With the coronavirus devastating tribal communities in New Mexico and elsewhere, local Native American women are working to get aid to where it’s needed most.
Native Women Lead, a local organization run by Native American women entrepreneurs, has partnered with Nusenda Credit Union to offer emergency loans of up to $5,000 with 0% interest to indigenous women-owned businesses in New Mexico. It’s also providing $500 grants for up to 200 Native American families struggling in the coronavirus.
The group, which works to support women-owned indigenous businesses, says channeling flexible, emergency loans to Native American women entrepreneurs can have a significant impact on tribal families, because women are the primary income earners in their communities.
“They represent two-thirds of the family breadwinners,” said Vanessa Roanhorse, a co-founder of Native Women Lead and a Navajo Nation member. “They’re economic stabilizers in their communities.”
Native Women Lead worked with Nusenda to provide emergency loans through the credit union’s Co-op Capital Program. That initiative, launched in 2014, channels microloans to minority and underserved entrepreneurs in partnership with local community organizations.
The program – boosted by grants from Kellogg, the Albuquerque Community Foundation and others – provides loans based on character and trusting relationships rather than on credit history and collateral.
To date, it’s channeled about $1 million to some 450 existing and aspiring entrepreneurs, said Nusenda Chief Community Engagement Officer Robin Brulé.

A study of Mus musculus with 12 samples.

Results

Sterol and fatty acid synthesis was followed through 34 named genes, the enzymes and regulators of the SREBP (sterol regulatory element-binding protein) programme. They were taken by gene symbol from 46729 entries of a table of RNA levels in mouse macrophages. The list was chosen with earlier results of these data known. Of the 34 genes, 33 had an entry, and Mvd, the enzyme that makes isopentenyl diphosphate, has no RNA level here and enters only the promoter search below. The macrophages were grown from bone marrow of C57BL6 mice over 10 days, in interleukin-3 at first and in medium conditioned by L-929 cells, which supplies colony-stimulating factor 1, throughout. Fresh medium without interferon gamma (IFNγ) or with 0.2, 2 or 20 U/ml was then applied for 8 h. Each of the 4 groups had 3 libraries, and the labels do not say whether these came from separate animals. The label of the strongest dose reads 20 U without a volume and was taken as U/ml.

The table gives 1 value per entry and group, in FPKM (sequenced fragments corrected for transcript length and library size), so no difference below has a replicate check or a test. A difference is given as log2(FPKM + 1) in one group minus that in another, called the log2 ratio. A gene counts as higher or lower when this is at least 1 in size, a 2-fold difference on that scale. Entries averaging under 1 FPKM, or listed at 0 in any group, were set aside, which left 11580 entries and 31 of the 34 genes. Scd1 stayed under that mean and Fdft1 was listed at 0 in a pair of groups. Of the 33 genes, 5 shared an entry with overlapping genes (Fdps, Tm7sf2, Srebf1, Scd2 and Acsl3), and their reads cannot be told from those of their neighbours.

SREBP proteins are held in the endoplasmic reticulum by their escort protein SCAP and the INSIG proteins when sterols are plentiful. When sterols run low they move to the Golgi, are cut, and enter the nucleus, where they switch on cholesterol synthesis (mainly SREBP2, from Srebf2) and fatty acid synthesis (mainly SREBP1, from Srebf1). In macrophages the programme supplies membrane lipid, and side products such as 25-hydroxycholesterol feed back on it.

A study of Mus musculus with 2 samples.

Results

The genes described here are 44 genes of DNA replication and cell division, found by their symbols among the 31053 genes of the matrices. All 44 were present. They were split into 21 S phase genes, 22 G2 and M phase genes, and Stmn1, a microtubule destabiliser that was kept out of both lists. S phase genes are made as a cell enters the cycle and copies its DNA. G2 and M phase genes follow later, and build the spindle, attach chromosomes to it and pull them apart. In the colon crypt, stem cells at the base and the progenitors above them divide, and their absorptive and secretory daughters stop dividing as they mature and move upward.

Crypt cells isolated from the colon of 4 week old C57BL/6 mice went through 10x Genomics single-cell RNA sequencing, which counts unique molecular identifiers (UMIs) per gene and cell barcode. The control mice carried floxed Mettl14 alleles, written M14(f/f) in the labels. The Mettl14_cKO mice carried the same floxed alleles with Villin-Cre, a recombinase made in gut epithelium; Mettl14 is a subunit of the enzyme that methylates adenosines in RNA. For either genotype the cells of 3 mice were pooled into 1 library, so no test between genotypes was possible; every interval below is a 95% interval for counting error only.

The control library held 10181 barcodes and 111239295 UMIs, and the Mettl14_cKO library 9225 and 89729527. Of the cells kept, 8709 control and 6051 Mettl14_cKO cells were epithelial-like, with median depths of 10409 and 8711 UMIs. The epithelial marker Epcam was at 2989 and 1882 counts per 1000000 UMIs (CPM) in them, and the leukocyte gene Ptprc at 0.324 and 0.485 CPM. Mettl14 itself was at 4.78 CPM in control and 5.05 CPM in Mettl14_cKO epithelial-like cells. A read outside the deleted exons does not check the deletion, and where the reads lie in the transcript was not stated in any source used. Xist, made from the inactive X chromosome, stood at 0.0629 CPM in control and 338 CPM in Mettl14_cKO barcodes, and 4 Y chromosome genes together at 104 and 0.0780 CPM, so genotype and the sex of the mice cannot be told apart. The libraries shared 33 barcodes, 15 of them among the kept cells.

“Nusenda has offered all borrowers ability to cease payments for up to 60 days and committed to funding new loans within 24 hours” during the ongoing pandemic, Brulé said. “We also have implemented 0% interest loans with a five year repayment term capped at $5,000.”
Native Women Lead is now distributing up to $100,000 in no-interest loans to Native women entrepreneurs based on applications received before May 15. It’s raising more funds to extend the program.
“We’re working on new investments with more partners to allow more women to access capital,” said Roanhorse, who is also the CEO of Roanhorse Consulting LLC.
The group also raised $100,000 with philanthropic partners to provide $500 grants to Native American families.
Native Women Lead surveyed more than 100 indigenous entrepreneurs from 50 tribal nations in March about the coronavirus, 66% of them women. Most reported nearly 100% disruption of their business operations – the sole source of income for 71% of them – said Native Women Lead co-founder and Navajo Nation member Jaime Gloshay.
“Many are creative entrepreneurs who sell in-person at Indian markets, but they can’t do that now with social distancing,” Gloshay said. “Their family stability has been disrupted.”
Native Women Lead, which launched in 2017, hosts an annual business summit that’s helped recruit about 600 indigenous women entrepreneurs into its network since 2018, said co-founder and Sandia Pueblo member Stephine Poston, CEO of communications firm Poston & Associates LLC. This year’s summit is going virtual with weekly online workshops running from May 14-June 18.